Repairing computers can be extremely expensive. If you use services from Geek Squad, Office Depot, or Staples, you’re sure to pay a LOT of money. Is it worth it? For the most part, I don’t think so, but here are the few cases where you definitely should fix your computer.
- It is under warranty. Sounds like a no brainer and it is. If the system is still under warranty, you should get it fixed. Hopefully, you won’t have to outlay too much cash, but you’re likely to have to pay return shipping to a service center.
- Your hard drive failed and you don’t have a backup. Augh!! Prevent this nightmare by backing up your data to a cheap portable hard drive regularly. If your hard drive failed and you have no backup, how much is the data worth to you? Depending on how badly the hard drive failed, you could be looking at $200 to more than a $1000 to get your data back.
- You have a mid or high-tier system. If your computer is only a couple years old and has an Intel i5 or i7 processor, it is a good candidate for repair as long as it doesn’t cost too much, like a couple hundred bucks. If you think it is going “kind of slow,” adding ram or upgrading to a solid state drive are two ways to increase its speed.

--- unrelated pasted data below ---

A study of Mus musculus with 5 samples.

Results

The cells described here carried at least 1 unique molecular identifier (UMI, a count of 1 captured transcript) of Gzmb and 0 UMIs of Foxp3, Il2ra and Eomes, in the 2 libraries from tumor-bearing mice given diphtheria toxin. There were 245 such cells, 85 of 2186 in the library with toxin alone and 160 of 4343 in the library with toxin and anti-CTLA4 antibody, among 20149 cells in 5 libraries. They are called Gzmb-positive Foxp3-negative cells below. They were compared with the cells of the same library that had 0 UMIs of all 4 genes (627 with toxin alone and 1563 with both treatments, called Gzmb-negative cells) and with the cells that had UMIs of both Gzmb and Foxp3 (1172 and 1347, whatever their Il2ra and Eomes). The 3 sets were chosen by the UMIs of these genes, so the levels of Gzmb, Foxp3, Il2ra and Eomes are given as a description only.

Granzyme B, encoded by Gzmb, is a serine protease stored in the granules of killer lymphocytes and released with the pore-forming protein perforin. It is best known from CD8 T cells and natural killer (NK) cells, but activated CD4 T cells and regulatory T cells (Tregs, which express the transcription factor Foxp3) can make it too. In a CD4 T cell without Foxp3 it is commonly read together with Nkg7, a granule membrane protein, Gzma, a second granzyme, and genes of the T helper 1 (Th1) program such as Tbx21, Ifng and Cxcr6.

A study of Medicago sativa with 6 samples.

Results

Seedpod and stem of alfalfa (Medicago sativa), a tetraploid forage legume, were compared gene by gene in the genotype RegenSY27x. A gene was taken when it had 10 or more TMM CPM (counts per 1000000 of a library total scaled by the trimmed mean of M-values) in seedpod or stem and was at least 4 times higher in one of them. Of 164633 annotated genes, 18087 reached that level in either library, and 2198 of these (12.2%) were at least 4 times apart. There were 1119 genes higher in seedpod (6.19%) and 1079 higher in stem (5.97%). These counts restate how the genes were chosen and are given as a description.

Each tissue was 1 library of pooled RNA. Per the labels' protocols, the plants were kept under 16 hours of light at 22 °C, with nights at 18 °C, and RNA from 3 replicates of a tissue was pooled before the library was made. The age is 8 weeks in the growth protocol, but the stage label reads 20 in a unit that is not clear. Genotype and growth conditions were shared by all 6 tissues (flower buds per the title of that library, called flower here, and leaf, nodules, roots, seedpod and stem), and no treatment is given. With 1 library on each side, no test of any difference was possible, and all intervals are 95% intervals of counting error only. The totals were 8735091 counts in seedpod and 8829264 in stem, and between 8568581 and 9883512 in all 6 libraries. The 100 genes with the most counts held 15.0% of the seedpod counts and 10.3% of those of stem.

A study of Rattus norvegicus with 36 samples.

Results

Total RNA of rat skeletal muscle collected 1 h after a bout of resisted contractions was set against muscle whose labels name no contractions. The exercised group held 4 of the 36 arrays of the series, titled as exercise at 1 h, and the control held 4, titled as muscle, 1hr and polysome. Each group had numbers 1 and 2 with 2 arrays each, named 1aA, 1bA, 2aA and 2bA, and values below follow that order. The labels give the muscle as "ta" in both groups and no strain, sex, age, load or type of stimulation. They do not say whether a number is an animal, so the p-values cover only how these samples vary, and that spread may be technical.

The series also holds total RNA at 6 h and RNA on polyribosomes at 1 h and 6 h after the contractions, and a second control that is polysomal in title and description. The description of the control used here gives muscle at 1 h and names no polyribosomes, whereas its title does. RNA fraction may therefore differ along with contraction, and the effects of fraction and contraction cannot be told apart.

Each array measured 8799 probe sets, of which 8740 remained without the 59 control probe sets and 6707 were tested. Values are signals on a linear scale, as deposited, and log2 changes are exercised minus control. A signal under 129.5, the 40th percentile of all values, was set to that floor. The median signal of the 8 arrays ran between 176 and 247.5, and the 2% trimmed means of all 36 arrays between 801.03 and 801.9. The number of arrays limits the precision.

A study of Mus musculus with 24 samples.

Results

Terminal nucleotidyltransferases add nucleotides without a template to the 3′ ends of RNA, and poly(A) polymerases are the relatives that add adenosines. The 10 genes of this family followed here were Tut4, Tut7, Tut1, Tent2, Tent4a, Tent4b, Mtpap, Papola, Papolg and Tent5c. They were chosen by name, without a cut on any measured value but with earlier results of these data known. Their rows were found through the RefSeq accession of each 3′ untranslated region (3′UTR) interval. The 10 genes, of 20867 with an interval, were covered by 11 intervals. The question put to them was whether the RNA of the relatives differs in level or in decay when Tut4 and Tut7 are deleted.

Other than these three cases, just buy a new one. Computers are so cheap that a few hundred bucks is likely to get you something much nicer than whatever you have.
Fixing Old Computers
I know I just told you not to fix old computers, but sometimes you just go to. Maybe you’re fixing up old beat up systems for charities or libraries. Maybe you just don’t have the money to upgrade. So how do you fix a computer for cheap?
There are only a few parts you can really fix yourself on a computer…the RAM and the hard drive. Maybe a few more if you YouTube your problem. I fixed a power jack on an old laptop this way.
Search crucial.com for your computer to see what kind of RAM you can replace. For hard drives, search Amazon for 250GB hard drives. These will run about $25 or so. Good deals!
Lots of times, replacing a failed hard drive is all it takes.